In his '1001 Ways to Market Your Books' manual, John Kremmer recommends that a portion of an author's daily routine should be dedicated to promotion. You certainly don't have to be an author to realize the importance of his statement. Neglecting to promote your business on any level is essentially planning to fail. The question is, how much of the day should we spend on promotion when there are so many other facets of business that need tending to?

In a recent unofficial poll, 12.5% of 40 online entrepreneurs stated they spent half an hour of each day promoting their business while another 12.5% spent one hour (5% spent less than that). 17.5% spent two hours, 20% spent three hours and 22.5% spent four hours. 14% spent all day promoting their business.

No participant contributed a correlation between the number of hours worked and a high degree of success, however, the general consensus suggested that beginning efforts consumed the most time until resources were gathered and patterns were established. After that, three to four hours a day seemed to be not only the average amount of time spent on promotion, it was an adequate amount of time as well.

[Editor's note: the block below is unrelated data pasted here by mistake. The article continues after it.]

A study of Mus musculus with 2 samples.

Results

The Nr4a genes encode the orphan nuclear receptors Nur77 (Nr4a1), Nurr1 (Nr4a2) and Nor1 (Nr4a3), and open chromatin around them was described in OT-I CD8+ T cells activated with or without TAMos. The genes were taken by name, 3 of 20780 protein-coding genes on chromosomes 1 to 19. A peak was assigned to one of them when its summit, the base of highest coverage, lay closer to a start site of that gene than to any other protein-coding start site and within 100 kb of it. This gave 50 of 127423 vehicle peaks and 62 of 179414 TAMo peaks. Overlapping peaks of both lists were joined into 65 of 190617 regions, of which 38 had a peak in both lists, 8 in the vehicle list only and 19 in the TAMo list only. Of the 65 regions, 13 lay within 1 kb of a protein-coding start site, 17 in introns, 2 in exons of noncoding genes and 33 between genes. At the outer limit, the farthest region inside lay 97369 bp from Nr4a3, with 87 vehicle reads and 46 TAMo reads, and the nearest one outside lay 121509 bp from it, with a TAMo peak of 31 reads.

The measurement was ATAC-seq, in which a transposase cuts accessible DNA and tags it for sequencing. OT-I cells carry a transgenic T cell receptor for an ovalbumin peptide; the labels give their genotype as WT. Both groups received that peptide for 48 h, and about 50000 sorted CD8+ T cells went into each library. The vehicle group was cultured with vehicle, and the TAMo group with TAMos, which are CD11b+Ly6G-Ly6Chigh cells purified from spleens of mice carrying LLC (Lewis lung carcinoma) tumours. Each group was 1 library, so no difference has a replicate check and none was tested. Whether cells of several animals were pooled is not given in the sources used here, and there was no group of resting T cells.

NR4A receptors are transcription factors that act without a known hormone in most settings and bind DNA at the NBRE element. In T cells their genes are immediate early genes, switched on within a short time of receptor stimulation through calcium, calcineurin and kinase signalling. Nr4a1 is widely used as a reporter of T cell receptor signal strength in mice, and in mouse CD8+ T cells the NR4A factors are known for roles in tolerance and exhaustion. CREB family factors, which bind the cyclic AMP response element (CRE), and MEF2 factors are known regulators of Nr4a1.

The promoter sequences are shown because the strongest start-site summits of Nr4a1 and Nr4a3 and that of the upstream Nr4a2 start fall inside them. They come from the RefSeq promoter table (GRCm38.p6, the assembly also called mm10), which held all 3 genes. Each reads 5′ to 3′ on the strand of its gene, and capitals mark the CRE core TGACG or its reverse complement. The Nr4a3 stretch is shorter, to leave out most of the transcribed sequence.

Only one person claimed she spent zero (0) hours towards promotion because the activities that she did (activities like article writing for example) "promoted the business for her." While writing articles may appear like a non-promotional activity, it's part of article marketing (content marketing), which is a definite type of promotion.

Accomplish Twice as Much in Half the Time

How many hours do you spend each day promoting your business? Is three to four hours too much? Not enough? What if you could accomplish twice as much in half the time or even in a third of the time? How about at half or a third of the cost?

Outsourcing your promotional tasks can not only reduce some of the costs and time that adequate promotion requires, it can also remove some of the burden that promotion can generate. As an entrepreneur, you're acting as a marketer in addition to your own manager, accountant, lawyer, representative, research analyst, and more. Outsourcing minimizes the number of roles you have to play and thus turns what could be a half-day event into a mere hour and a half task.